Switzerland is home to the Alimentarium, the world’s first food-themed museum. In addition to its permanent and temporary exhibitions, it also offers hands-on cooking classes for children and adults. I was recently invited to attend one of these classes: “Les cuisines des artisans.” Our instructor took us into some of Vevey’s local markets to purchase ingredients for the dinner we prepared back in the museum’s classroom kitchen.
Visiting the Alimentarium
Located in the former home of the management offices of Nestlé, the Alimentarium first opened its doors in 1985. After closing for a period of time and undergoing an extensive renovation, the museum reopened in 2016. The new permanent collection follows the theme, “Food – the Essence of Life,” which examines, among other topics, the interaction between food, society and the human body. My children especially enjoyed the games about digestion!
The museum also houses a café, restaurant and, when the weather permits, an outdoor terrace. I have eaten at the restaurant with my family since the museum reopened. It has the feel of an upscale cafeteria, with menus that change by the season, and I was impressed with the quality of the meal (CHF 18 for the daily special, CHF 15 for a vegetarian option). The restaurant is open Tuesday through Sunday, from 12:00 to 1:30 PM.
Cooking Workshops at the Alimentarium
At the Alimentarium, you will find cooking workshops in both English and French. The audience for these workshops include adults, children, families and school or other groups. The topics covered vary as well, from cooking with fresh produce collected from the museum’s garden in “Garden plot to gourmet palate,” to seasonal themes — like how to make an “Ethical foie gras terrine.”
When I arrived at the Alimentarium for one of the weekend workshops, “Les Cuisines des Artisans,” I was greeted warmly by our instructor, Jean-Louis Boverat. There were about eight of us altogether, and after the initial introductions, we took to the streets of Vevey to collect the ingredients we needed to prepare our meal. The focus of our class was to prepare “La Chasse,” a menu featuring wild game and its traditional side dishes.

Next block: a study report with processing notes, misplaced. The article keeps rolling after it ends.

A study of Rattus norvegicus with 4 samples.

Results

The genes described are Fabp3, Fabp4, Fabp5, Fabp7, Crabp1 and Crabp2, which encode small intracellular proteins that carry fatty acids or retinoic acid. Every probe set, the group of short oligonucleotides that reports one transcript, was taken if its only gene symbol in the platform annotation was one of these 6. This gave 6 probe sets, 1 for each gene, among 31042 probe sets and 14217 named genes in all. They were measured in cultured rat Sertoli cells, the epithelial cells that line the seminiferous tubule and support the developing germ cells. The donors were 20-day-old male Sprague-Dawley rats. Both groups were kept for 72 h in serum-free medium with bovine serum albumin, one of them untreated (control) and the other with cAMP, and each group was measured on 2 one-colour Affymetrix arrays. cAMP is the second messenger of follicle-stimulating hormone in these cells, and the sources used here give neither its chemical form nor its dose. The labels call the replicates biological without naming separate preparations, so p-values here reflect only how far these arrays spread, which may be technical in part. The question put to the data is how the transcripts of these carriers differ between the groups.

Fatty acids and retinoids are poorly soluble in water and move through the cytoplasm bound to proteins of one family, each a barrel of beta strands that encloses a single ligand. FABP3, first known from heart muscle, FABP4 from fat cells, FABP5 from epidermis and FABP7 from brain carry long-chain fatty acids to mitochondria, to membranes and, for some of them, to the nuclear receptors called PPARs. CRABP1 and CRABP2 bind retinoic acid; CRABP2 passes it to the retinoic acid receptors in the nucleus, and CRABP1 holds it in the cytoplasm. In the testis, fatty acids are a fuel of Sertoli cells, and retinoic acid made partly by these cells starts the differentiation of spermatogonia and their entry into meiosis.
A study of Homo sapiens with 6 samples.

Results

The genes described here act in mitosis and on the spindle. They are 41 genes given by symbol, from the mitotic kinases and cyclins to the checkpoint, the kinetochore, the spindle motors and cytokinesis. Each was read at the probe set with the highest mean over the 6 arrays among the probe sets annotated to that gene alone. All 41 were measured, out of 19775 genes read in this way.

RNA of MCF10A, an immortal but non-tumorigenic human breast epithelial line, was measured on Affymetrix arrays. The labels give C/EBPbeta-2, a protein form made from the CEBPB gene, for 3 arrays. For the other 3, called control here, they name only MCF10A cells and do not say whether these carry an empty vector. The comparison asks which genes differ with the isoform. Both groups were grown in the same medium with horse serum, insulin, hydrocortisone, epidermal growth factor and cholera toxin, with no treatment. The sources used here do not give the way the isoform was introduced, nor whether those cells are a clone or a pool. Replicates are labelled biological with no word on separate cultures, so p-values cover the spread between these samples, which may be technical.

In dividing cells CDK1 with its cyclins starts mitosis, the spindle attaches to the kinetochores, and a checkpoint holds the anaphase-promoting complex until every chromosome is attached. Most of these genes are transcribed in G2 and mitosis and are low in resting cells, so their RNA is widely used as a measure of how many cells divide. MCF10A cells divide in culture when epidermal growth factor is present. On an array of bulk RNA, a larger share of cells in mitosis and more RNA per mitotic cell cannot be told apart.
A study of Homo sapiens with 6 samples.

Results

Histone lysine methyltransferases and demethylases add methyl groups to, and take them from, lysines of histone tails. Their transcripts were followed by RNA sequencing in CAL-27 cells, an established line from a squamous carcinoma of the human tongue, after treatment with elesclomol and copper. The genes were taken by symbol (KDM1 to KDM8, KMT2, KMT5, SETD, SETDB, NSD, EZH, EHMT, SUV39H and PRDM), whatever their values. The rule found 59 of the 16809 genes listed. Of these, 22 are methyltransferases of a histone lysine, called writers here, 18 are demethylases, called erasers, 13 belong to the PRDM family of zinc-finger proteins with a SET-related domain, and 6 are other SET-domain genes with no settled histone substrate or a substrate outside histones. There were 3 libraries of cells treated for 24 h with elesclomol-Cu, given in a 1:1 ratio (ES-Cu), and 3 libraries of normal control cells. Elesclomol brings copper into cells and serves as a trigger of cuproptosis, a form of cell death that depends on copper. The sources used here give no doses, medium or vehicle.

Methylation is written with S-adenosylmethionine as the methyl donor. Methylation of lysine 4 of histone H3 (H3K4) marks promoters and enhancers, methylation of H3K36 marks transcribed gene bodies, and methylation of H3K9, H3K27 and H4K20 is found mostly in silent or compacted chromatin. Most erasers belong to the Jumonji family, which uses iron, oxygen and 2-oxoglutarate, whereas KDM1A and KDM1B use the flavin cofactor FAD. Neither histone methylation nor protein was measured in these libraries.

For our first stop on the tour, we went to Boucherie Daniel Ruchet & Fils and talked with the butchers there. If you are looking for local meat products from the canton of Vaud, like Saucisson Vaudois, I highly recommend that you visit this shop. These butchers know their products and can help you find exactly what you need. During our visit, we sampled thin slices of “Jambon maison,” and Jean-Louis bought two products to bring back to the Alimentarium’s kitchen: sausage made with venison and pork, and a terrine, also made with deer meat.
Following our visit to the local butcher, we took a short walk to Ratatouille, a small fruit and vegetable market on a side street in Vevey. We admired all the fresh produce, both inside and outside of the store, and talked briefly with the storekeeper. It was an opportunity to ask questions and learn about the many varieties of squash on display. Jean-Louis purchased a spaghetti squash and a Bleu de Hongrie (a blue-skinned squash), and we headed back to the Alimentarium.
Upon our return to the Alimentarium, Jean-Louis set up several stations where we could help prepare different parts of the meal. The instructions were clear, everyone was very helpful, and we all worked well together to use the ingredients we purchased from the local businesses.
Personally, one of the highlights for me was making Malakoffs, a Swiss dish I have been wanting to try for a long time. These cheese beignets are a Vaud specialty. I loved having the chance to finally make them for myself, and with the help of a very knowledgeable instructor. And, of course, they were delicious. How can you go wrong with fried cheese?
When we finished all of our tasks, we sat down and shared a wonderful meal together with wines from the region. Here’s all that we made and tasted:
- Apéro: Malakoffs, Terrine du cousin and a small salad
- Dinner: Gnocchi made with Bleu de Hongrie squash, candied chestnuts, venison and pork sausage with a special sauce for “La Chasse,” lingonberries and pears poached in red wine.
- Dessert: Glace aux marrons (chestnuts) with caramelized figs
At CHF 80, I found this 3-hour class at the Alimentarium, which included dinner and wine, to be a good value. I learned a few tips and tricks that I have already used at home for my first attempt at La Chasse.
If you are interested in “La Cuisine des Artisans” or other workshops at this museum, here’s where you can find more information and an upcoming schedule:
Alimentarium, Quai Perdonnet 25, 1800 Vevey, +41 (0)21 924 41 11.